Just The Rules: Skills and Actions

Hopefully a quick second post for ‘S’, because I need to get onto ‘T’ (either ‘Tiered Abilities’ or ‘Traditions’, and knowing me probably both).

Skills hold a conflicted place in my mind. I like the idea, but they’ve never really been interesting. They offer some useful abilities and options as a character becomes competent with them, but outside of a few adventuring-specific uses they generally don’t do much.

It pays to buy up Perception (which is why Pathfinder 2e made it not quite a skill, but a rating that all classes improve as characters gain levels). If you’re a rogue, Disable Device (to go with Perception to find traps) is handy. In principle Heal is a useful skill to help stabilize allies who are dying, but the skill is usually gained by a character who can cast stabilize so I’m not sure how much benefit this gives (also, first aider here… you can stabilize a dying creature in 6 seconds with a measly DC 15 skill check? Damn am I impressed).

Pathfinder Unchained came to my rescue, though. Skill unlocks give you new options for skill checks, rather than just increasing the check modifier. They let you do new things with the checks. This is way cooler than the normal behavior.

The book also introduced other ways of managing skills. Some skills were merged or separated, distinctions were made between ‘adventuring skills’ and ‘background skills’, skills became binary ‘you have it or you do not’ and skill points fell to the wayside, and so on.

Which brings me to the approach I expect to take.

Keith’s Choice

Skill unlocks, or something like them, is a given. If you invest in a skill you will not only be more likely to succeed at checks, but you’ll get options other people don’t.

I’m going to split things up, though. In most D&D rule books I’ve seen that have skills like this, a skill describes things you can do with it, and includes details like “this skill can be retried” or “this use of a skill can be retried”.

I’m going to break things out. All actions will be described in an ‘actions’ section. Combat actions, of course, but movement actions, craft actions, knowledge actions, all can be described in a big “here are things you can do” section.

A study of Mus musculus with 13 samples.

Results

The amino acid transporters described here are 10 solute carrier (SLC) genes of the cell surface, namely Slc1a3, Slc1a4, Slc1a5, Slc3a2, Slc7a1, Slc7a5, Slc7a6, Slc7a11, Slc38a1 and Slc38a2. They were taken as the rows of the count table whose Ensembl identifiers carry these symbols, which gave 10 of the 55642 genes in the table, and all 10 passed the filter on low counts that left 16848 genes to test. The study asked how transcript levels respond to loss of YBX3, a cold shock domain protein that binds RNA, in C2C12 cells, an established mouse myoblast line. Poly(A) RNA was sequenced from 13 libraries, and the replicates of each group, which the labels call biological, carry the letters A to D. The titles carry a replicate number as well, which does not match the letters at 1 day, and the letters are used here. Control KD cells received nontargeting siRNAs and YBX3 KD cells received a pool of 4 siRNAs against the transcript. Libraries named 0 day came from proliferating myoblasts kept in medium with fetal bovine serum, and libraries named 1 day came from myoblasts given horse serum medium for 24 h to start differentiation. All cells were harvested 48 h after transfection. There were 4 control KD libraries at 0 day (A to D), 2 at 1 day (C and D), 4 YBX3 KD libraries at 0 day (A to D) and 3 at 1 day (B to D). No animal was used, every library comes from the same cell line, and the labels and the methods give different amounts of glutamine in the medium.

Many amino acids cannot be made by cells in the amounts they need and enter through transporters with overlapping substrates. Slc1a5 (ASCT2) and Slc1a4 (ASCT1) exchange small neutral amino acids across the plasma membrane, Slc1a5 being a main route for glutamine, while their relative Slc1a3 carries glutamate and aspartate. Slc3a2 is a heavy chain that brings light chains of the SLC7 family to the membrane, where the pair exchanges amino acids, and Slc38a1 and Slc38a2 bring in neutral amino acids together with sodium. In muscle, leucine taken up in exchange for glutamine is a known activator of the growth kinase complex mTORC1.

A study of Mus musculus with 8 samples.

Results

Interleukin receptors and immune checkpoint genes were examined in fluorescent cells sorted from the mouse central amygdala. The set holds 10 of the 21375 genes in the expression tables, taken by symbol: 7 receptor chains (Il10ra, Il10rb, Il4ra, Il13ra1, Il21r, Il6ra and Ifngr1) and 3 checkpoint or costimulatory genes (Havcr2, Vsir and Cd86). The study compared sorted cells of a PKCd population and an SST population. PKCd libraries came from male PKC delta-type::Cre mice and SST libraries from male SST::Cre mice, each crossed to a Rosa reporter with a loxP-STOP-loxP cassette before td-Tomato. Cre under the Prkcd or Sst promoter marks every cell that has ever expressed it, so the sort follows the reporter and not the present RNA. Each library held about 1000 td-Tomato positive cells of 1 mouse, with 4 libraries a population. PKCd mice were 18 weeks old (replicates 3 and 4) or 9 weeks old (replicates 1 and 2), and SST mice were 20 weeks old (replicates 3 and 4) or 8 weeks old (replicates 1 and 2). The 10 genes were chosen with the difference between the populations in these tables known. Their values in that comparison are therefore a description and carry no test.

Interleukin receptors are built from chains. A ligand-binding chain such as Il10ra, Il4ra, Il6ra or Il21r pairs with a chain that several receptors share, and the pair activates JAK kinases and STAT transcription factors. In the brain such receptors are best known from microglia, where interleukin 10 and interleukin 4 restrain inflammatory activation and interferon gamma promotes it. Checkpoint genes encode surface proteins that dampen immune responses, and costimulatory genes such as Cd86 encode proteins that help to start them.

Then I can have abilities (skill unlocks, or perhaps ‘skill feats’, or similar) identify which actions they give bonuses to, and what new options are available if a character has that skill. The bonuses between multiple skills don’t stack, but if a character has two skills that can affect the same action, the character gets the biggest skill modifier and can get all options made available to the skill.

To use my favorite example, ‘Ride Anywhere’ lets you ride normally on or through progressively less likely environments. ‘Ride Anything’ lets you ride increasingly less likely mounts. If you have both at the Master tier, you get a +3 bonus (not the +3 for two skills) as you ride your giant serpent through the sky.

2 Comments

  1. Steve Gunnell

    I read a lot about how skill based systems are evil and broken and then I realise that the writer is talking about D&D 5e which from my point of view is not a skill SYSTEM at all. My feeling is that if you are going to have skills then your combat and class specialities all need to be handles by the same system. One thing I have noticed from my recent 5e play is that 5e skills are seriously chancy. In Runequest or GURPS you don’t really consider a skill ready for prime time unless you have about a 75% chance of success. Probably Hero System is the same. I also don’t like the keep retrying until you succeed trope or the GURPS roll vision to notice the broad side of that barn trope. Increasingly I am leaning towards PbtA style moves with a side dose of “if you have the skill you will automatically succeed unless there is an actual consequence to failure”. I’m pretty sure you mentioned PbtA moves somewhere and I think they are a good thing because they are easy for players to understand and they are focused on the desired result rather than the method. Too few skill system do that. In some ways moves are very close to feats.

    • You need to roll checks if there is question of success or failure. I expect that in some cases I’ll require that you have specific training to try at all, and in other cases that specific training means you don’t need to roll.

      I’m open to having combat fit under the same model. You might have noticed I didn’t talk about base attack bonus or the like in this series. I kind of expect I won’t have it. Certain training will give bonuses to certain actions, to be sure, but mostly it opens up new options more than it gives bonuses.

      Then again, on 3d6 even a +1 is significant.